May 22, 2007

Tax and Divorce Planning

Houston Tax Attorney Blog

Houston Tax Attorney


Taxpayers often seek tax advice as a means of adding insult to injury in divorce proceedings. Private Letter Ruling 200720007 provides yet another example of how taxpayers can go about doing this.

The ex-wife requested this ruling from the IRS. The ruling requests a determination as to whether the payments the ex-wife received were not “alimony.” “Alimony” payments are generally taxable income to the recipient (in this case, the ex-wife) and tax deductible by the payor (in this case, the ex-husband).

The Code sets out several requirements for payments to qualify as “alimony” for federal income tax purposes, including:

  1. such payment is received by, or on behalf of, a spouse under a divorce or separation instrument;
  2. the divorce or separation instrument does not designate such payment as a payment which is not includible in gross income under section 71 and not allowable as a deduction under section 215;
  3. in the case of an individual legally separated from his spouse under a decree of divorce or of separate maintenance, the payee and payor are not members of the same household at the time such payment is made; and
  4. there is no liability to make such payment for any period after the death of the payee and no liability to make any payment as a substitute for such payments after the death of the payee.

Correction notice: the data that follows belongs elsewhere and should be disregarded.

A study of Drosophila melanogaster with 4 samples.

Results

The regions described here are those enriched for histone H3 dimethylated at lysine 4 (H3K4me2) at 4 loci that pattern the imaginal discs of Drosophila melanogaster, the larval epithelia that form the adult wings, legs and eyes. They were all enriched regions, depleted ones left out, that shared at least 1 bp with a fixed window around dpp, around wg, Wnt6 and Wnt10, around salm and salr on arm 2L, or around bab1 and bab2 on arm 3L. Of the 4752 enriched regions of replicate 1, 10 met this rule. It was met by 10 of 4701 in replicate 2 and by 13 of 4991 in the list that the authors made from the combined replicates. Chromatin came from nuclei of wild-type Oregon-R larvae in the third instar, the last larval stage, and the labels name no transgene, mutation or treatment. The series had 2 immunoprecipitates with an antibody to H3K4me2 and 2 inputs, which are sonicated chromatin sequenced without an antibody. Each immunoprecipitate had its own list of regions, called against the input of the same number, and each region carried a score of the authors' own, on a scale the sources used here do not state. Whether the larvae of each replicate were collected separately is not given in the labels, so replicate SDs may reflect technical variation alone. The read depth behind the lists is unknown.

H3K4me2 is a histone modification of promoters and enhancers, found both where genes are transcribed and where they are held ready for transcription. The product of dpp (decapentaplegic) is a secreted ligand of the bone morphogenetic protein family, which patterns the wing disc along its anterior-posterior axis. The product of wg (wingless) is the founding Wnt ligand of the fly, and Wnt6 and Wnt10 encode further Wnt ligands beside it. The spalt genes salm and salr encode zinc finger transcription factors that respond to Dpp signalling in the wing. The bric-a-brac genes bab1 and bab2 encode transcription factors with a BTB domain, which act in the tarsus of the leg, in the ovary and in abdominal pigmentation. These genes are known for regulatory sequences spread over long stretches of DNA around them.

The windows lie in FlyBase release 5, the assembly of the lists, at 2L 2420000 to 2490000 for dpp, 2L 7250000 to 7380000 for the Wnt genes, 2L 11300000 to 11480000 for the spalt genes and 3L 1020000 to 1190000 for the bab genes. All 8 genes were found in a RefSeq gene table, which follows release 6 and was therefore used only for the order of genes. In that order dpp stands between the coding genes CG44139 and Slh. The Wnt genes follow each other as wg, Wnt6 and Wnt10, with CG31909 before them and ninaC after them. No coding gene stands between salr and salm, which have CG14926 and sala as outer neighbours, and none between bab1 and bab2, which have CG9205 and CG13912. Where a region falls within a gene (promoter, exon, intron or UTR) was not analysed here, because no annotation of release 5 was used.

Payments must meet all of these elements to qualify as “alimony” for federal income tax purposes.

The divorce agreement in this case indicated that the amounts paid were to qualify as “alimony” for federal income tax purposes, but the divorce agreement failed to specify that the payments were to terminate upon the death of the payee. The question then is, are the payments “alimony” if the agreement fails to address this “death of the payee” issue?

As the IRS ruling sets out, where the agreement is silent on this issue, it is necessary to look to state law to see if the state law specifies that the requirement to make “alimony” payments terminates upon the death of the payee. The state law in this case (the state was not disclosed), did not specify that “alimony” payments were to terminate upon the payee’s death. As a result, the payments did not qualify as “alimony” for tax purposes, despite the express provision in the divorce decree.

I wonder if the wife and wife’s tax counsel had this result in mind when they failed to include a provision in the divorce agreement for the “alimony” payments to end upon the wife’s death? If so, the tax planning saved the wife from having to report and pay income taxes on the “alimony” payments and it precluded the husband from being able to deduct the payments.